For The Little Death: Vol. 1:
The New York Times – Steve Smith
“Mr. Marks … constructed his score as a mostly continuous sequence of cheerily seductive original pop tunes with simple, repetitive lyrics, interspersed with a handful of familiar hymns and gospel songs.
Saturated with sampled timbres and driven by sputtering hip-hop break beats, Mr. Marks’s music is bright and sentimental, at times even cloying in a manner meant to evoke anodyne commercial Christian pop. But Mr. Marks’s crafty juxtapositions, clashes and transformations add to the opera’s overall sense of ambiguity; in moments when he underscores sexual urges scarcely hidden within his squeaky-clean borrowed sources, substantial heat results.
the work’s mix of catchy tunes and unsettling themes nonetheless makes for a consistently affecting evening of theater.”
The Huffington Post, featuring my song as one of the “Top 10 Alternative Art Songs of 2001-2010″ – Daniel J. Kushner
A post-Christian nihilist pop opera sounds like a strange, nearly impossible amalgam to synthesize. But for Brooklyn-based composer Matt Marks and his chief co-conspirator, vocalist Mellissa Hughes (both raised in the Southern Baptist tradition), The Little Death: Vol. 1–which Marks began writing in the summer of 2007–is the result of relentless “tinkering” and indiscriminately drawing from a reservoir of dizzying musical touchstones and the moods and emotions they engender.
And when the influences include the classic hymn “Morning Has Broken,” gospel mainstays “He Touched Me” and “When God Dips His Love in My Heart,” Japanese pop (or J-pop), Christian counterculture musicals of the late 1960s and early 1970s, techno, the Moral Majority-tinged contemporary Christian vocal stylings of Sandi Patty and 1990s Point of Grace, and hip-hop–all filtered through Marks’s preoccupations with the horror genre, the sexualization of Christian iconography, and what he refers to as fundamentalist, roots-based religion and music culture taken to this twisted pop culture extreme–well, that’s a recipe for cataclysmic drama.
Time Out New York – Helen Shaw
“In the extraordinarily witty new miniopera The Little Death: Vol. 1, the electropop maestro Matt Marks and his fellow performer Mellissa Hughes play Boy and Girl, two kids in love facing the nookie-versus-chastity debate.
unabashedly boppy, baroquely multireferential, then suddenly sentimental”
The Awl – Seth Colter Walls
“The Little Death, Vol. 1 is catchy, conceptual and rambunctious–so call it whatever you like. Either way, the baseline “story” here (such as it is), involves two characters named Boy and Girl, who are having trouble balancing the carnal with the godly. Over the course of 11 songs, they push and pull against each other, their respective desires and philosophies, and–as singers–the genre divides between Christian Pop, old-school hymns and frantic electro.”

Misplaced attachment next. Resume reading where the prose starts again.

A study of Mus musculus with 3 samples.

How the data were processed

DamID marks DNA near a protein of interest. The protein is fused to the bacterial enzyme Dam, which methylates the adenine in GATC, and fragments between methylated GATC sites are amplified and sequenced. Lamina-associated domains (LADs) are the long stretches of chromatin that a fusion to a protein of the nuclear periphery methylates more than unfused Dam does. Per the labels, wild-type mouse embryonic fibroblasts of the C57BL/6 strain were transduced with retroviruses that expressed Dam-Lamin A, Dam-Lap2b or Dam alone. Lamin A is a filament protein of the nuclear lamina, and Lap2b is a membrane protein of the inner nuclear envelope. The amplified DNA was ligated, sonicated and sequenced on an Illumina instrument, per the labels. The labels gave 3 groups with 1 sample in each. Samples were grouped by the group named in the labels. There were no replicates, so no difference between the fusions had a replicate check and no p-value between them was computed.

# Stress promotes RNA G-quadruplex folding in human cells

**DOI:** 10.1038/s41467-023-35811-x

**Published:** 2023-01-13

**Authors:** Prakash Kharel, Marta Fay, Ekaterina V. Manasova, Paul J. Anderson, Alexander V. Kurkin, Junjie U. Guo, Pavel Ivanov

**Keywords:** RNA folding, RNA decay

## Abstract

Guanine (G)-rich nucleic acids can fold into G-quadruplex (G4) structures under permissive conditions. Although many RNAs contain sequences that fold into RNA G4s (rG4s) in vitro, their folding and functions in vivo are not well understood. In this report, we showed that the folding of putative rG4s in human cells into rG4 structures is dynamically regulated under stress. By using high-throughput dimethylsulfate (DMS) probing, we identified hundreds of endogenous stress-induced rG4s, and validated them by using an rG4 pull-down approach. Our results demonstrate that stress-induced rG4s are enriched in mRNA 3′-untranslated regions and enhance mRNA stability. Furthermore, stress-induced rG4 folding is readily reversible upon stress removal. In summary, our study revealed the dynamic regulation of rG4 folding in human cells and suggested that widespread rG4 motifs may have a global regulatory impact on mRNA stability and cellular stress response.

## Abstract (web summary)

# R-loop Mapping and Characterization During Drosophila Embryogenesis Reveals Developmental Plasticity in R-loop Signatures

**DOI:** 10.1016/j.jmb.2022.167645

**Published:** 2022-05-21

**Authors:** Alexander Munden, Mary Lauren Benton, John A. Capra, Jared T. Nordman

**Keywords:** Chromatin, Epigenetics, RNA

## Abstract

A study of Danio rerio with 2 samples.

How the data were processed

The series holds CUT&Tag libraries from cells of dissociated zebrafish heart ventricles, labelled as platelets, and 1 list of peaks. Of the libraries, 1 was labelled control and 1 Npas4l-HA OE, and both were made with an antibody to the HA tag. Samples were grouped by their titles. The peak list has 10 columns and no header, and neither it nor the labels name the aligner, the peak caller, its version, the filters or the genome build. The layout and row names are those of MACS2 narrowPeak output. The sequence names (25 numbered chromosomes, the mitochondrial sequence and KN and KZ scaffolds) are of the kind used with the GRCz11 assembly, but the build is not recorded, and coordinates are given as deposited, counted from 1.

For my arrangement of The Beatles’ Revolution 9 for Alarm Will Sound:
New York Magazine – Justin Davidson, (from a feature on the arrangement and Alarm Will Sound’s 1969 show)
“A French-horn player whimpered like a newborn into one microphone, as a violinist murmured through a trumpet mute into another mike so that her voice sounded watery and indistinct. A percussionist smashed and stirred a bagful of broken glass with a hammer, and a clarinetist blurted the tune to “There’s a place in France / Where the naked ladies dance.” A sober young man, unaccustomed to performing, wielded one of those old-fashioned squeezable car horns and in an impassive baritone kept repeating: “Number nine … number nine.” Yes, you got it: Welcome to the live, all-acoustic version of Lennon and McCartney’s foray into musique concrète, “Revolution 9,” as performed with irresistible panache by the twenty-member ensemble Alarm Will Sound.
Nonchalantly virtuosic and unburdened by conventional wisdom, the players in Alarm Will Sound invent challenges that some might regard as mystically pointless—Matthew Marks’s obsessively detailed transcription of “Revolution 9,” for instance. The payoff lies in performances that make complexity sound crystalline, that dismantle a piece’s purity but leave its energy intact.”
New York Times – Steve Smith
“Alarm Will Sound kicked off the proceedings at 6 p.m. with a movement from John Adams’s “Son of Chamber Symphony,” and much later offered a staggeringly creative arrangement of the Beatles’ abstract sound collage “Revolution 9,” arranged by Matt Marks.”
Pittsburgh Post-Gazette – Andrew Druckenbrod
“the group ended the night with an amazing transcription of the famous experimental track from “the White Album.” Yes, they performed tape loops and all, in a totally live performance conducted expertly by Alan Pierson. It was stunning, and I think Alarm Will Sound has a bona fide hit on its hands…”
For The Adventures of Albert Fish:
Sequenza21.com – Galen H. Brown
“brilliantly simultaneously creepy and funny”
French Horn Press:
New York Times – Paul Griffiths
“In the new horn concerto there were lots of wonderful moments, especially those involving murky glistening harmonies from the four natural horns in the orchestra plus the soloist (Matt Marks) and passages where other instruments”
Financial Times – Martin Bernheimer
“Matt Marks played brilliantly”
Andante.com – Ben Finane
“chameleonic soloist Matt Marks at times sounded like a Swiss alpenhornist and at other times channeled the blue cool of Miles Davis.”